Over the last few weeks, an enormous balloon has been spotted circling Earth's Southern Hemisphere in the upper reaches of the atmosphere, sparking fears that it may be a spy balloon like the UFOs that were shot down above North America in February.
But the massive floating bubble is actually NASA's latest telescope, the Super Pressure Balloon Imaging Telescope (SuperBIT). And rather than spying on unsuspecting people below, the telescope is peering into the cosmos above in search of dark matter.
The giant balloon, which is wider than a football field, was launched on April 16 from Wānaka, New Zealand and has since completed more than two full revolutions around the Southern Hemisphere — the longest continuous flight for a balloon-borne telescope, according to a NASA statement.
On May 6, photographer Erwin Enrique Sandoval captured a crisp image of SuperBIT around 25 miles (40 kilometers) above Coyhaique in southern Chile. "We could see it high in the afternoon sky," Sandoval told Spaceweather.com. "It was very large."
SuperBIT's primary goal is to search for evidence of dark matter by taking detailed images of galaxies in order to spot signs of gravitational lensing — the phenomenon where light from a distant galaxy gets magnified as it travels through gravitationally warped space-time around a closer galaxy — that could provide clues about the invisible yet abundant matter's true identity.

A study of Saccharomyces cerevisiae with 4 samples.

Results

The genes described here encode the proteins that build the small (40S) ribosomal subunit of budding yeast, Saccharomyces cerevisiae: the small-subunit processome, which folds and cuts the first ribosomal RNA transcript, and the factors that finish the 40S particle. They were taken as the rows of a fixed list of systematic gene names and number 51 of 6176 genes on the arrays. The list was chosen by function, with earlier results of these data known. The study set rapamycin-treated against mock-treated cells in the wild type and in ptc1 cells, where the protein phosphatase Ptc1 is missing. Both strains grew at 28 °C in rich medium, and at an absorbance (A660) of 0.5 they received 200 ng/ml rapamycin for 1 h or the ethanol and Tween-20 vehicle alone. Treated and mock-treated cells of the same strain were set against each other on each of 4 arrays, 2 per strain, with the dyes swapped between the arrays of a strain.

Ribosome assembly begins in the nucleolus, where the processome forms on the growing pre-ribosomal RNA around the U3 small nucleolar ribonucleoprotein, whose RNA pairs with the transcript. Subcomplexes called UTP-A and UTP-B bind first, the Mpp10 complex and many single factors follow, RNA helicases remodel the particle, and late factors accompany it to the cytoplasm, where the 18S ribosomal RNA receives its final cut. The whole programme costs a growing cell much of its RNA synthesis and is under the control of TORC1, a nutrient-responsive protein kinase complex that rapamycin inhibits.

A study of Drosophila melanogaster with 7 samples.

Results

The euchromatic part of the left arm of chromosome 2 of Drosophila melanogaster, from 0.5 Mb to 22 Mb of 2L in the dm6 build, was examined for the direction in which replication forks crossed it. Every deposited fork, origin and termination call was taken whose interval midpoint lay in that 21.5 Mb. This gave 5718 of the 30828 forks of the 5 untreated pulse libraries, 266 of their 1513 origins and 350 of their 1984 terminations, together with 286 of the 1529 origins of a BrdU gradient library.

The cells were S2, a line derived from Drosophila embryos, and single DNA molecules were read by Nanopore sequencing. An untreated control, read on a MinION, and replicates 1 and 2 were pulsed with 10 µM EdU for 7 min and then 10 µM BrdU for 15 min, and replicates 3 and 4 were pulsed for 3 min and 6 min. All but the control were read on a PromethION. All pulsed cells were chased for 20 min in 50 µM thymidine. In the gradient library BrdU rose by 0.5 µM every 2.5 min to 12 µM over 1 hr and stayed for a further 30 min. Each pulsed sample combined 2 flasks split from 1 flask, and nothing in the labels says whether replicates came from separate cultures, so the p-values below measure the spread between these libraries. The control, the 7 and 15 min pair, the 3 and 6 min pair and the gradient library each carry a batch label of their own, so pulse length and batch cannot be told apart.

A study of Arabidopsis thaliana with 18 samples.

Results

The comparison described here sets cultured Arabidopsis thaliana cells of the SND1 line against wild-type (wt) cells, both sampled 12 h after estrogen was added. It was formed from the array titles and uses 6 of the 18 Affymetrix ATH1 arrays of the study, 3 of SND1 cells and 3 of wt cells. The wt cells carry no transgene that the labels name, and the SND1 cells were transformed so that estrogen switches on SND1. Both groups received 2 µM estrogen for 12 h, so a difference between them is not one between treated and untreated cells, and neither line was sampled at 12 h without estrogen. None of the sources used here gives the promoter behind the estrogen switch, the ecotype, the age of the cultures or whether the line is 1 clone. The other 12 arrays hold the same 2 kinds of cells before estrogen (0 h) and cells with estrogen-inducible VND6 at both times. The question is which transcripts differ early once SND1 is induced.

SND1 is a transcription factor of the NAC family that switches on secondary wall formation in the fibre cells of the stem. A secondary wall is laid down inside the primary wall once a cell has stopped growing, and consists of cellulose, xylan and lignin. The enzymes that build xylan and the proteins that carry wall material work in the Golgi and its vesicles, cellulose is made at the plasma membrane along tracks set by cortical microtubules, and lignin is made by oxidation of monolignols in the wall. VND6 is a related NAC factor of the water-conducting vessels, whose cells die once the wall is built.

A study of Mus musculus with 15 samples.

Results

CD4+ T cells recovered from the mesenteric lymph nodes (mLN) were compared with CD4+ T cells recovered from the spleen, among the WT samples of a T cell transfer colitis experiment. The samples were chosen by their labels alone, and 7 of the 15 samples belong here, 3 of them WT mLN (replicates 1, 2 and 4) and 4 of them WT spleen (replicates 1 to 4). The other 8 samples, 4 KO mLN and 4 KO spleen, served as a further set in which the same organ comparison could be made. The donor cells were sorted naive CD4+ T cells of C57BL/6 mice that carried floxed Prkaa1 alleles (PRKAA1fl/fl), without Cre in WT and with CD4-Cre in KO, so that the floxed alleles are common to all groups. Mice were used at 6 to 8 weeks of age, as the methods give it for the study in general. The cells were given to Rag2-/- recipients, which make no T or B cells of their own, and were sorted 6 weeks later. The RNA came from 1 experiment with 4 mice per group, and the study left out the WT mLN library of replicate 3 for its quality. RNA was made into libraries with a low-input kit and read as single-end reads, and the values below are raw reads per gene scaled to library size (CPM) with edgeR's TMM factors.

At its lofty altitude, SuperBIT sits above 99.2% of Earth's atmosphere, which means there is little to no air to obscure its view of the stars, according to the SuperBIT website. At this height, the telescope can also capture images by day or night.
Astronomers believe the data collected by SuperBIT is comparable in quality to the Hubble Space Telescope, according to Spaceweather.com. And the balloon-borne telescope has already captured several stunning shots of distant galaxies.
But astronomy is not the only possible use for giant balloons like this. In June 2020, space tourism company Space Perspective released its plans to eventually take civilians to the edge of space using similar balloons.
Keen-eyed observers and astronomy enthusiasts could have plenty more chances to catch a glimpse of the balloon. "Hopefully, we'll complete many more revolutions about the hemisphere over the next several weeks," Debbie Fairbrother, chief of NASA's Scientific Balloon Program Office, said in the statement. (A single revolution could take anywhere between one and three weeks depending on wind patterns.)